Thus bereft, Tian was on the point of giving way to a seemly despair when a message concerned with Mu, the only daughter of Ko’en Cheng, reached him. It professed a high-minded regard for his welfare, and added that although the one who was inspiring the communication had been careful to avoid seeing him on the occasion of his entry into Ti-foo, it was impossible for her not to be impressed by the dignity of his bearing. Ko’en Cheng having become vastly wealthy as the result of entering into an arrangement with Ah-tang before Ti-foo was sacked, it did not seem unreasonable to Tian that Ning was in some way influencing his destiny from afar. On this understanding he ultimately married Mu, and thereby founded a prolific posterity who inherited a great degree of his powers. In the course of countless generations the attributes have faded, but even to this day the true descendants of the line of Ning are frequently vouchsafed dreams in which they stand naked and without shame, see gems or metals hidden or buried in the earth and float at will through space.
The Inopportune Behaviour of the Covetous Li-loe
It was upon the occasion of his next visit to the shutter in the wall that Kai Lung discovered the obtuse-witted Li-loe moving about the enclosure. Though docile and well-meaning on the whole, the stunted intelligence of the latter person made him a doubtful accomplice, and Kai Lung stood aside, hoping to be soon alone.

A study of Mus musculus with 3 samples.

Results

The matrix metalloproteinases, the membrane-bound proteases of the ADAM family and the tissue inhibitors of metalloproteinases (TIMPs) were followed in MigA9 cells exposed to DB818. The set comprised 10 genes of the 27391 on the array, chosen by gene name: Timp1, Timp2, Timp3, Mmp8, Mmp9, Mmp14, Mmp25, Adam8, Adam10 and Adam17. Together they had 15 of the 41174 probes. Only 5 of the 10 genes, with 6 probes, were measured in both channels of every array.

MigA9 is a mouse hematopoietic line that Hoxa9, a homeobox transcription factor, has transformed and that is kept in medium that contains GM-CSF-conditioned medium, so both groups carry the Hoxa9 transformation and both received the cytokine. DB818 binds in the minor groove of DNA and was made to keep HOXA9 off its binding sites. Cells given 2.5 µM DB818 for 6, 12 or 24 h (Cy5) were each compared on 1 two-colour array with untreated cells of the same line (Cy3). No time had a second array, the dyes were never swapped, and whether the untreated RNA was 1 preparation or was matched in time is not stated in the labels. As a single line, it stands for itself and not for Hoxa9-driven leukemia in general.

Li-loe held in his hand an iron prong, and with this he industriously searched the earth between the rocks and herbage. Ever since their previous encounter upon that same spot it had been impossible to erase from his deformed mind the conviction that a store of rare and potent wine lay somewhere concealed within the walls of the enclosure. Continuously he besought the story-teller to reveal the secret of its hiding-place, saying: “What an added bitterness will assail your noble throat if, when you are led forth to die, your eye closes upon the one who has faithfully upheld your cause lying with a protruded tongue panting in the noonday sun.”
“Peace, witless,” Kai Lung usually replied; “there is no such store.”
“Nevertheless,” the doorkeeper would stubbornly insist, “the cask cannot yet be empty. It is beyond your immature powers.”
Thus it again befell, for despite Kai Lung’s desire to escape, Li-loe chanced to look up suddenly and observed him.
“Alas, brother,” he remarked reproachfully, when they had thus contended, “the vessel that returns whole the first time is chipped the second and broken at the third essay, and it will yet be too late between us. If it be as you claim, to what end did you boast of a cask of wine and of running among a company of goats with leaves entwined in your hair?”
“That,” replied Kai Lung, “was in the nature of a classical allusion, too abstruse for your deficient wit. It concerned the story of Kiau Sun, who first attained the honour.”